Whenever a big trade happens in any sport, too much is made of a win or a loss. In the Carmelo Anthony Era, the New York Knicks traded victories and losses through their first seven games, with supporters of the trade validating the it, most notably in a 91-86 win in South Beach over the Miami Heat. The detractors of the trade, meanwhile. have pointed out home and road losses to the team with the worst record in the National Basketball Association, the Cleveland Cavaliers, 115-109 in Cleveland and 119-115 in New York, and to the team desperately holding on to the eighth seed in the Eastern Conference, the Indiana Pacers, 106-93 at Madison Square Garden, and 119-117 at Conseco Fieldhouse.
One thing has been consistent for the Knicks through all six losses
since the Carmelo Anthony trade: lack of defensive effort. The Knicks have given up an average of 117.0 points in their six losses during the 12-game Carmelo Anthony era, 11 points more than the 106.0 points they give up on the season, 29th in the league. Meanwhile, in the six wins during the Big Three on Broadway era, the Knicks have given up 96.3 points, almost 10 points lower than the 106.0 they allow on the season.
When the Knicks are playing their best defensively, they can play with anyone in the league. When they are playing their worst defensively, they are a team that players look to get their season highs against, and sometimes, career highs. This was the case with Indiana Pacers power forward Tyler Hansbrough, who scored a career-high 29 points on Sunday at Madison Square Garden, only to surpass it against the Knicks Tuesday night with 30 points. It’s as if Hansbrough imagined the Knicks in Duke uniforms, and himself in a North Carolina uniform, as he has not seen that kind of offensive success since his college days of playing for the Tarheels.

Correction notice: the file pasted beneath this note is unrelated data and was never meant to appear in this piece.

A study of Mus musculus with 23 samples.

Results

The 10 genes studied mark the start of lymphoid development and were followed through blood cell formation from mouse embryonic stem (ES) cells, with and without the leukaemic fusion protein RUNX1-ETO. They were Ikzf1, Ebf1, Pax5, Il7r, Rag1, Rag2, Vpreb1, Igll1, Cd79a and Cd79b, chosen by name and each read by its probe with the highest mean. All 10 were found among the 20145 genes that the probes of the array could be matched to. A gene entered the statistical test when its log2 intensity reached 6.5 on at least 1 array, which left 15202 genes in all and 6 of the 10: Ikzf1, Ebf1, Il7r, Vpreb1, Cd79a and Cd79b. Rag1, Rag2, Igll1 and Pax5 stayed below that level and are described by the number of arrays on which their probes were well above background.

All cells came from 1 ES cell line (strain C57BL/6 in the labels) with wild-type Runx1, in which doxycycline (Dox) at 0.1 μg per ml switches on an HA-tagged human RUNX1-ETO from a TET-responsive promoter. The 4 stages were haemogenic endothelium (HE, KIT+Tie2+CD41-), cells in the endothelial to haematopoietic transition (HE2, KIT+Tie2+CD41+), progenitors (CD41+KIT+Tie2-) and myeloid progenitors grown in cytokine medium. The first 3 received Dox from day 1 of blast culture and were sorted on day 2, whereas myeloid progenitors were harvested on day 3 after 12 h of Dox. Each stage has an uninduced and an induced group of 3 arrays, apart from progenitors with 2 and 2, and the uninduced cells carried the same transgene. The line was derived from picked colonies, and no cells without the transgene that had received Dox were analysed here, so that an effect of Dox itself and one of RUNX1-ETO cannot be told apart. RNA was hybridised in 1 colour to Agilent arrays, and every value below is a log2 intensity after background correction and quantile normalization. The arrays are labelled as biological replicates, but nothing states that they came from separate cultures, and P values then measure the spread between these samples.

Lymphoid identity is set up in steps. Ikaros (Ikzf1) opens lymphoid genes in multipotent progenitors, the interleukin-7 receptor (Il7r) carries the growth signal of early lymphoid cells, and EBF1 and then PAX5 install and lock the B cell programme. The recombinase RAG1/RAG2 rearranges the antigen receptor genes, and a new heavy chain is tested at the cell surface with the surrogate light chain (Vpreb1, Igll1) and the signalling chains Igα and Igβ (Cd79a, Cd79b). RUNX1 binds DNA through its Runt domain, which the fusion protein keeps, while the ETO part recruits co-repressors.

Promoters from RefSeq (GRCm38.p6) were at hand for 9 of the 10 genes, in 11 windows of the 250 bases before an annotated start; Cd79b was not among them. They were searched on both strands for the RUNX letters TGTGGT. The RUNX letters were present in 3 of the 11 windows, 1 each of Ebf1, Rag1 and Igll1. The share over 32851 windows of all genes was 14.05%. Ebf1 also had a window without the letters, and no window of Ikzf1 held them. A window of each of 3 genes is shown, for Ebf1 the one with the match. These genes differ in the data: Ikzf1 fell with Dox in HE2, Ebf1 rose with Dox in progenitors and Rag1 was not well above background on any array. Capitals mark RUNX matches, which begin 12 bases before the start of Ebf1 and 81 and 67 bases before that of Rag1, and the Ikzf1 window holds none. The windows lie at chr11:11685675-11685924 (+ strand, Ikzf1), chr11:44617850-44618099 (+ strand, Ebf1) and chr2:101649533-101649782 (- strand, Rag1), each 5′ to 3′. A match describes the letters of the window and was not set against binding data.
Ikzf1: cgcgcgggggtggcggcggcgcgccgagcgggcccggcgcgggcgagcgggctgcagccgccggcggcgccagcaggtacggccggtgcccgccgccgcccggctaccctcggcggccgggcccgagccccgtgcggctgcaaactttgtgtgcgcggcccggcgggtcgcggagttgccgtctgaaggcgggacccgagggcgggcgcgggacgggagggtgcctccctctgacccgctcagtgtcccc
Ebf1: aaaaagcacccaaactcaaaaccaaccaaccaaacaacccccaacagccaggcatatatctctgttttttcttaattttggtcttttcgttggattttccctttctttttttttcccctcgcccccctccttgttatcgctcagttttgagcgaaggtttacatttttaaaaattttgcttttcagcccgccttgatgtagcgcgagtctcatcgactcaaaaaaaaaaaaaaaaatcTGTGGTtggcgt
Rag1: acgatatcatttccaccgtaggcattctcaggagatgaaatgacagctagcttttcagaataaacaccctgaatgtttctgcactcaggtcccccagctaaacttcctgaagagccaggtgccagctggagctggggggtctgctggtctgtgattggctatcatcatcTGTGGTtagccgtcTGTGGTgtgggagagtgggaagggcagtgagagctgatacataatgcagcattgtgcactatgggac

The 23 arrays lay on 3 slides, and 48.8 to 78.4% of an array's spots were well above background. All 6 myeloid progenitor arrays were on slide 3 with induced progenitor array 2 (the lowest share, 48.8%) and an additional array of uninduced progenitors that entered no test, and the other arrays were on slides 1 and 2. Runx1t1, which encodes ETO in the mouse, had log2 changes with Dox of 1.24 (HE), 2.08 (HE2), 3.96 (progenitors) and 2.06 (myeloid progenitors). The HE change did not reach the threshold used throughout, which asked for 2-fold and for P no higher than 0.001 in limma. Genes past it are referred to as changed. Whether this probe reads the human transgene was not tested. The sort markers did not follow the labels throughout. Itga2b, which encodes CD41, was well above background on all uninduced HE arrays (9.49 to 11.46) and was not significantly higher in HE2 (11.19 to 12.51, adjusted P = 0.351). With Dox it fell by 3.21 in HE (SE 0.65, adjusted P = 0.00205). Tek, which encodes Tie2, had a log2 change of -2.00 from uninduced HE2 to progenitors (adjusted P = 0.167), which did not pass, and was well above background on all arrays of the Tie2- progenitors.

Defense is all about effort, and when the New York Knicks are not
putting that effort out on a nightly basis. The fault has to fall
jointly on the team, players, and general manager. The Knicks lack a large defensive presence at the center position who can rebound,
forcing Amar’e Stoudemire to log too many minutes at the center
position, which leads to second-chance points by the opposition, and that falls on the New York Knicks general manager Donnie Walsh. This is a flawed team, and Walsh is aware of it, and I am confident he will try his best to correct this problem. The Knicks don’t come out with a strong defensive effort on all nights, and this is on Knicks head coach Mike D’Antoni and the players. The biggest knock on D’Antoni when he coached the Phoenix Suns was that his team lacked a strong defensive mindset, and New York Knicks fans are beginning to see why.
At the same time, you do have players on the team like Landry Fields, Toney Douglas and Jared Jeffries who play hard on both side of the ball every game. The two biggest superstars on the team, Stoudemire and Anthony, must make that same commitment to defense, along with D’Antoni working on defensive principals in practice, and rewarding players with minutes who produce on that end, while penalizing players who are sub par. Until then, Knicks fans will continue asking “Where’s The Defense.”